Soaring power demand sees Quebec raise prices for crypto-miners

June 20, 2018
Chris Wheal

The Canadian province of Quebec is to make electricity prohibitively expensive for miners of cryptocurrecies due to a massive surge in demand that is putting pressure on the region’s power producers.

Hydro-Quebec’s Outardes River Dam: Shutterstock

Regie de l’energie, the province’s energy regulator has authorised power utility Hydro-Quebec to charge 15 Canadian cents per kilowatt hour for the energy-hungry crypto-mining industry – that’s three times the price they’d previously enjoyed, according to Bloomberg.

Temporary measures

The new tariff is only expected to be temporary and will only be applied to new mining enterprises. Exsisting blockchain producers will remain on the same tariff.

Power rates in Quebec remain among the lowest in the whole of North America thanks to its rapid growth in hydro-electricity projects in recent decades.

Courting cryptocurrency miners

Indeed, only in the past few months Hydro-Quebec had been courting cryptocurrency miners as it sought to use up surplus energy produced by its dams in the north of the province.

Eric Filion, president of Hydro-Quebec Distribution, said in a statement earlier this month: “The blockchain industry is a promising avenue for Hydro-Quebec.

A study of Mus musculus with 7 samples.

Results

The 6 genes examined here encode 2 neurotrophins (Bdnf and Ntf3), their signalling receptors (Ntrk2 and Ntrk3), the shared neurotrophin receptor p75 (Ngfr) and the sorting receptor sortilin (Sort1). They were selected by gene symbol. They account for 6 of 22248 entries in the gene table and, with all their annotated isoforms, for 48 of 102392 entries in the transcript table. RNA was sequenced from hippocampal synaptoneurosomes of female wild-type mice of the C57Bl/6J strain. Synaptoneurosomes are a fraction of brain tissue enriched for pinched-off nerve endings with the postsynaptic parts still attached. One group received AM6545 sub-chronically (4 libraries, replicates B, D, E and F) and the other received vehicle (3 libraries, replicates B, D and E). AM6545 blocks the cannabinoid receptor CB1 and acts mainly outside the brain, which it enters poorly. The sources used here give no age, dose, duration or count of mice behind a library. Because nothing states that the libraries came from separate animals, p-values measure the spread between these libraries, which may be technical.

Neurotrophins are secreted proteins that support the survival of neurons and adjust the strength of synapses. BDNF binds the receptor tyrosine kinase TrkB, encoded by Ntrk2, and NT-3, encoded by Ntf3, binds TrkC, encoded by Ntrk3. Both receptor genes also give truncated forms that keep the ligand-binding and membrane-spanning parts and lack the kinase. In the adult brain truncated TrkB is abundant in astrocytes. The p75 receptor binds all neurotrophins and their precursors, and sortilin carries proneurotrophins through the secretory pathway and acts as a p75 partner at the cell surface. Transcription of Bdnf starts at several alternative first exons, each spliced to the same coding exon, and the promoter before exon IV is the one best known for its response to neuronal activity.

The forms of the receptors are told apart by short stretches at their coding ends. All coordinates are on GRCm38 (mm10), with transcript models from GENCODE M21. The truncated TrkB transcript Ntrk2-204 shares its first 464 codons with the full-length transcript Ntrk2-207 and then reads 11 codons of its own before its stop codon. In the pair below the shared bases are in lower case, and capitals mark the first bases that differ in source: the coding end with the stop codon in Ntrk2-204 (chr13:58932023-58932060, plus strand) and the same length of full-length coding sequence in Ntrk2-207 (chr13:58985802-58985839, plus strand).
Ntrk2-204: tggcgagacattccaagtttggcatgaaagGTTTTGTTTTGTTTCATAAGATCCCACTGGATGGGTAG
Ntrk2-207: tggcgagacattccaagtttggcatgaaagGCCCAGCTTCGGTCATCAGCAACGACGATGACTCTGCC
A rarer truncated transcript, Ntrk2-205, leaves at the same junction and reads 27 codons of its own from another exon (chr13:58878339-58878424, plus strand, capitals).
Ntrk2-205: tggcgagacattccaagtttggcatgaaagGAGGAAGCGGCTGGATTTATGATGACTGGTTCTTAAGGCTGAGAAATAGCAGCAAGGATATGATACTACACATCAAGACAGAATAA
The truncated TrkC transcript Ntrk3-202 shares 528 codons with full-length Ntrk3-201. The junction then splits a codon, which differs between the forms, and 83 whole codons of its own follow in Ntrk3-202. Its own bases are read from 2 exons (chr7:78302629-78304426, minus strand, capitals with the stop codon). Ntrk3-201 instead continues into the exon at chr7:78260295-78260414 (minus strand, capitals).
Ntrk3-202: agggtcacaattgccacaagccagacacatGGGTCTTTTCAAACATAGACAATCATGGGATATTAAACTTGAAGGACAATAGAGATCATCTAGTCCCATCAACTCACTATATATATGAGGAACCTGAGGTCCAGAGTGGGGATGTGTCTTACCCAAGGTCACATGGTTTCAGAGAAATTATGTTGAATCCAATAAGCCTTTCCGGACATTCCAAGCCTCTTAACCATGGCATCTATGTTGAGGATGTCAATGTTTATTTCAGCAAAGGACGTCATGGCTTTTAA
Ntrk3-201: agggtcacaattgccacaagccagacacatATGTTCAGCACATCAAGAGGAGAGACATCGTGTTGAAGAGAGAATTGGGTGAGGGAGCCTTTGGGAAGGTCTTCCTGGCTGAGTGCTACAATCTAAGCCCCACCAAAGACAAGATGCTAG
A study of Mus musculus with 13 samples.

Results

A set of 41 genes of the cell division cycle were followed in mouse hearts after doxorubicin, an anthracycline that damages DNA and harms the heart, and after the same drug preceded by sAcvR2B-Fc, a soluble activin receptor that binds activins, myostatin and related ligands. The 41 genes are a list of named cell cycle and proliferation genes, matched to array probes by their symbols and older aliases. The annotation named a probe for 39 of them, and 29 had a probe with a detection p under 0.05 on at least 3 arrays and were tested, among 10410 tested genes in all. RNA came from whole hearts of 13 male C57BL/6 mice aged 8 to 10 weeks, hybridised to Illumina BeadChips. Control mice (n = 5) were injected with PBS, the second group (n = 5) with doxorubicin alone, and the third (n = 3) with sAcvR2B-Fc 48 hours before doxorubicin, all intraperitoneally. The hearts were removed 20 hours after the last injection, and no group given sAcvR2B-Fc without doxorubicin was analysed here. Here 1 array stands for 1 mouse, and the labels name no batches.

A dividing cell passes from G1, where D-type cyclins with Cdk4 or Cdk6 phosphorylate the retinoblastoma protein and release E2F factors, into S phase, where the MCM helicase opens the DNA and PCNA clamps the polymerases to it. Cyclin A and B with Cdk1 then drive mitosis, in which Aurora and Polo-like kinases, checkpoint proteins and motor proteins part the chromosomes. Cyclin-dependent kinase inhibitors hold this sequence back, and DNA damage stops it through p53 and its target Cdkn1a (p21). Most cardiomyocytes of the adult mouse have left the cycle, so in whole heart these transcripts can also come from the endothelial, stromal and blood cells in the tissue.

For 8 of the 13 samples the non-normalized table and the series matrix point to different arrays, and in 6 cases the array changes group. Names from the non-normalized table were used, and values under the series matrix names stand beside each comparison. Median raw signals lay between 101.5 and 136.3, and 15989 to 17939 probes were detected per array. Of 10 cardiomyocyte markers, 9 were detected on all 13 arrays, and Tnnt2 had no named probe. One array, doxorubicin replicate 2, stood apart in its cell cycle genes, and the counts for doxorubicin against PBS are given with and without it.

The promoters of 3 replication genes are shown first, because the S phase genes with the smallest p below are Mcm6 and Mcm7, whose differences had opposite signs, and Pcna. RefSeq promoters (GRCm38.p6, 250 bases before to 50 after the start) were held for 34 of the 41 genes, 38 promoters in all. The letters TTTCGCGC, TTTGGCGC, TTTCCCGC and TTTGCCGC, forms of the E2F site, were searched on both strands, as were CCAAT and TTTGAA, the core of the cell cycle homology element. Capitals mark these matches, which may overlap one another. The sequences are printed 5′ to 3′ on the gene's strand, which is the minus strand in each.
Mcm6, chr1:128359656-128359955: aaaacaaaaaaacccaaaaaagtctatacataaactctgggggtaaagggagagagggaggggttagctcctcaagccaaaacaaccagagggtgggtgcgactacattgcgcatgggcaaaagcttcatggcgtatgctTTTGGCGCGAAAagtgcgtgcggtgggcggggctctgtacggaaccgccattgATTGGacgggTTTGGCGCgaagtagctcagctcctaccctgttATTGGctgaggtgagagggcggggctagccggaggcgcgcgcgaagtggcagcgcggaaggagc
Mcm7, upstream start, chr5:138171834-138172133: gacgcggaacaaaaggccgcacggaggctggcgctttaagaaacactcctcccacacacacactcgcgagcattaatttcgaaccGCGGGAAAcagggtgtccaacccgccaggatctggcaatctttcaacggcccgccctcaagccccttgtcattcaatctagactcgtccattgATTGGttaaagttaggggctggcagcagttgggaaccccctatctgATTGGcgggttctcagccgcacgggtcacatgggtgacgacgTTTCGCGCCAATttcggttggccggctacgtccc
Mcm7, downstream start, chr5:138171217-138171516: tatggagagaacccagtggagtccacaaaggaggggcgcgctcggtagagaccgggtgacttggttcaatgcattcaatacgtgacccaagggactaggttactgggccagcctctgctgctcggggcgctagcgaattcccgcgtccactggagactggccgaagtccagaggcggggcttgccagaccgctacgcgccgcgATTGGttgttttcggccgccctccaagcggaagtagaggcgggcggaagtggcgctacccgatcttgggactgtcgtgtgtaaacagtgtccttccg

“Guidelines are nevertheless required to ensure that the development of this industry maximizes spinoffs for Quebec without resulting in rate increases for our customers. We are actively participating in the Regie de l’energie’s process so that these guidelines can be produced as quickly as possible.”

Demand too stong

Demand has been so strong from crypto-miners, however, that power companies and authorities have been compelled to put the tariff rises into action until they can develop some equitable pricing structure that suits all users.

Hydro-Quebec spokesman Jonathan Cote told Bloomberg on Tuesday: “We don’t want to send a message to the market that this is the price for cryptocurrencies in Quebec. It’s more that requests are suspended until we have the proper framework determining conditions for that market.”

Post written by Chris Wheal
Chris Wheal is editor of OpenLedger's news and features service. An award-wining business journalists himself, he runs a team of freelance journalists from across the UK and north America.